At 10:30 this morning, on a cloudy day, I headed over to the tennis courts adjoining the local elementary school to practice my serve. The courts were empty, and filled with puddles that still hadn't dried from the morning's rain. Nevertheless, I served by myself for a half an hour, determined to sharpen the direction and depth of my serve for the singles semifinal I had in a week, against an opponent who had excellent ground strokes and good service returns.
And as I struggled to find the right rhythm, I thought of all the lonely moments I had spent as an athlete and a parent trying to perfect my skills or those of my children
Like the times I went to the little park near my apartment building at Saturdays and Sundays at 7:30 AM, practicing layups, set shots and hook shots before the big kids arrived for the day's pickup games. I did this religiously from the time I was 8 till the time I was 12
Or the times I took my daughter Sara, when she began training for junior tournaments, to courts where you needed your own net, on 7 AM on spring and fall weekends so we could practice uninterrupted for 2 hours, something impossible on public courts where you needed a permit, or impossibly expensive at private courts. To one of those courts, on McDonald Avenue and Avenue S, I needed a broom to sweep away discarded bagels, broken glass and occasionally dead pigeons. That was the only way I could keep Sara competitive with the suburban kids who had public courts everywhere or the rich Manhattan kids who could afford lots of private coaching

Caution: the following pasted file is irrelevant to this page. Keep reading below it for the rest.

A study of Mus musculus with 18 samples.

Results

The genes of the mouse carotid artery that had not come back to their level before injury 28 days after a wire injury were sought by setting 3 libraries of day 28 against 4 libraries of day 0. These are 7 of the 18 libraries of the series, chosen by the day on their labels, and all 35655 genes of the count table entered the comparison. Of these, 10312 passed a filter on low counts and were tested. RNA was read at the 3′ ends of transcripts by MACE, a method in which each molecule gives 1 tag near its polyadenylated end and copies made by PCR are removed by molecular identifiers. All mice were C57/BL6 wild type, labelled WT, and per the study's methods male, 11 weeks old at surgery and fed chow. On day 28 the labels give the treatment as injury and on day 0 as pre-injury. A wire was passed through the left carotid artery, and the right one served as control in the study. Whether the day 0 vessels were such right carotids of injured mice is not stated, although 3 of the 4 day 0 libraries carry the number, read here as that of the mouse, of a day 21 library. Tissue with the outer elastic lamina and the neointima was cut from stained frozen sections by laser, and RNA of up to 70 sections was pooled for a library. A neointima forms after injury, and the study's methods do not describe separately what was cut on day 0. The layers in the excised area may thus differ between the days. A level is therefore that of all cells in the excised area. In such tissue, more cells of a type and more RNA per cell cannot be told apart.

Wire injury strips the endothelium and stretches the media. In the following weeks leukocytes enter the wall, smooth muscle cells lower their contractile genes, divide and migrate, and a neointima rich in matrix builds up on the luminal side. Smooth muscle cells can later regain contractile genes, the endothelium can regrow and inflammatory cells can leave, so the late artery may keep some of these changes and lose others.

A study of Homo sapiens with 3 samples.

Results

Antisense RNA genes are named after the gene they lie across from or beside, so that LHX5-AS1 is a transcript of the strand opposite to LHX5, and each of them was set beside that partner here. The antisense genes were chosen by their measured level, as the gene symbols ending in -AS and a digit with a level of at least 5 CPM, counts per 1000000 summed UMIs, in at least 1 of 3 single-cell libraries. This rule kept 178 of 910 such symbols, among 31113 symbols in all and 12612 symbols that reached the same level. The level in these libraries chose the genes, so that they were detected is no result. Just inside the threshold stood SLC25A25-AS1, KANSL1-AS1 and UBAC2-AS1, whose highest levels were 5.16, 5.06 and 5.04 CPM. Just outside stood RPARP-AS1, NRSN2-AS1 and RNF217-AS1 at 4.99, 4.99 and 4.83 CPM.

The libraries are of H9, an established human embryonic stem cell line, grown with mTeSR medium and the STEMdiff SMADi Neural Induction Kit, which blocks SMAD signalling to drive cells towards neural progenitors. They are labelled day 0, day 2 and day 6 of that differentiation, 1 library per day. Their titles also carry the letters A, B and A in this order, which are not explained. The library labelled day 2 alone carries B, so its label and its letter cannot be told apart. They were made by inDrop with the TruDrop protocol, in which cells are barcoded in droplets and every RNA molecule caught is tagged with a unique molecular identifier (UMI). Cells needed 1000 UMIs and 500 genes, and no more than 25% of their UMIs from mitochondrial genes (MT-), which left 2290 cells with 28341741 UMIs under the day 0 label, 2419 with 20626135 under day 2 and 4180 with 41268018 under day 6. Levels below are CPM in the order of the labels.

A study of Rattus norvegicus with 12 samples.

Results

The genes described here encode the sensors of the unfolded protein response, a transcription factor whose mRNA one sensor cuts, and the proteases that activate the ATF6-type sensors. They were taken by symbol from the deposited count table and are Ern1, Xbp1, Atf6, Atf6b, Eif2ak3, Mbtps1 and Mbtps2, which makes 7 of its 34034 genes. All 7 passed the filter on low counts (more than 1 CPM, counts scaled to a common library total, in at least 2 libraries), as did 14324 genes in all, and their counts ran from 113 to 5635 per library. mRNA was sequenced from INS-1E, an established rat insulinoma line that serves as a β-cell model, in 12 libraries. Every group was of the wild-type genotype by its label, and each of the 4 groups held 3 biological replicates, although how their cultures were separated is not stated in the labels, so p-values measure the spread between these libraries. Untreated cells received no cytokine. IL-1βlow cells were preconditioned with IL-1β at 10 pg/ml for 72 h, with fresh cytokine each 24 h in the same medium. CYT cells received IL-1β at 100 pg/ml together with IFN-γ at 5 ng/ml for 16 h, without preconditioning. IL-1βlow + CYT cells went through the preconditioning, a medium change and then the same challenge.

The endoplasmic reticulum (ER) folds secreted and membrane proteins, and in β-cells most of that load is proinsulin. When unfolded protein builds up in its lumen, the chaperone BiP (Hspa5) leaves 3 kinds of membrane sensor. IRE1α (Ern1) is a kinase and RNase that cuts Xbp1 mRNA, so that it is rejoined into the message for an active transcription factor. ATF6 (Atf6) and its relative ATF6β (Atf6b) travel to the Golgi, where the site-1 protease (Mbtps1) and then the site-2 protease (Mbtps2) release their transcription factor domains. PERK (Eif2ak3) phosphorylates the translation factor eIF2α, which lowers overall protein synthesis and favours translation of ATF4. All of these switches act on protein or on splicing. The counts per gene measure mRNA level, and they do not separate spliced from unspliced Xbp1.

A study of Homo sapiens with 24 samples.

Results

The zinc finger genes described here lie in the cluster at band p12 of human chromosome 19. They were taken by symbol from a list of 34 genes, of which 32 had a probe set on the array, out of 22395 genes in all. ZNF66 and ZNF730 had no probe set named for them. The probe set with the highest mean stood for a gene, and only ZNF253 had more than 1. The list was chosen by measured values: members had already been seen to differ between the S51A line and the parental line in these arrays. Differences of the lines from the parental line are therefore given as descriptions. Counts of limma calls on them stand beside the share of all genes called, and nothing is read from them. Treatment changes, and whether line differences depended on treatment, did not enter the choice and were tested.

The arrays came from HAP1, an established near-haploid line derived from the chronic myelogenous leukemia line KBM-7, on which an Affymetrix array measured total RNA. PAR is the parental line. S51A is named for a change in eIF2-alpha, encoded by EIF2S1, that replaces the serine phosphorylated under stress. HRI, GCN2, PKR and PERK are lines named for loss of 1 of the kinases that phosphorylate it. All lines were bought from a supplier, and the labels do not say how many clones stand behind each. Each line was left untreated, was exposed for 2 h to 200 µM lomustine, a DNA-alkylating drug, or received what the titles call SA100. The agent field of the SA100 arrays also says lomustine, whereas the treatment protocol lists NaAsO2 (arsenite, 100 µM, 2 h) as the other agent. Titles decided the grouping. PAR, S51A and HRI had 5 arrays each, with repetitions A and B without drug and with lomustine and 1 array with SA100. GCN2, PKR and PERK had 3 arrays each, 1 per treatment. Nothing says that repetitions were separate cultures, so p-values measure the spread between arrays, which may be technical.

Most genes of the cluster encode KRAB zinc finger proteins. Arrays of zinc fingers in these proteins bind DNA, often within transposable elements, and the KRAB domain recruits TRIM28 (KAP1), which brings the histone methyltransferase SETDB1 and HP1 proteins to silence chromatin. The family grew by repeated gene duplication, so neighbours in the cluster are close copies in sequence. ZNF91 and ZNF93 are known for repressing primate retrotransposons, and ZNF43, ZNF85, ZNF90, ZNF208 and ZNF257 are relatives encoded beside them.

And when my son became a serious baseball player, who needed to excel as a hitter as well as a pitcher, I would take him at 7 AM to Prospect Park where I put him in front of the pitchers mound to hit hundreds of tennis balls I threw to him into the backstop, teaching him how to make contact with two strikes by shortening up his swing, and training him to the ball to the opposite field on outside pitches.
This is the unseen work that made all three of us into college athletes, going from the schoolyards and parks of Brooklyn into the fierce and glorious world of Division One College Sports.
Some may call this a form of sacrifice, but I see it as the heart and soul of the athletic experience, the place where the courage and persistence of champions is forged.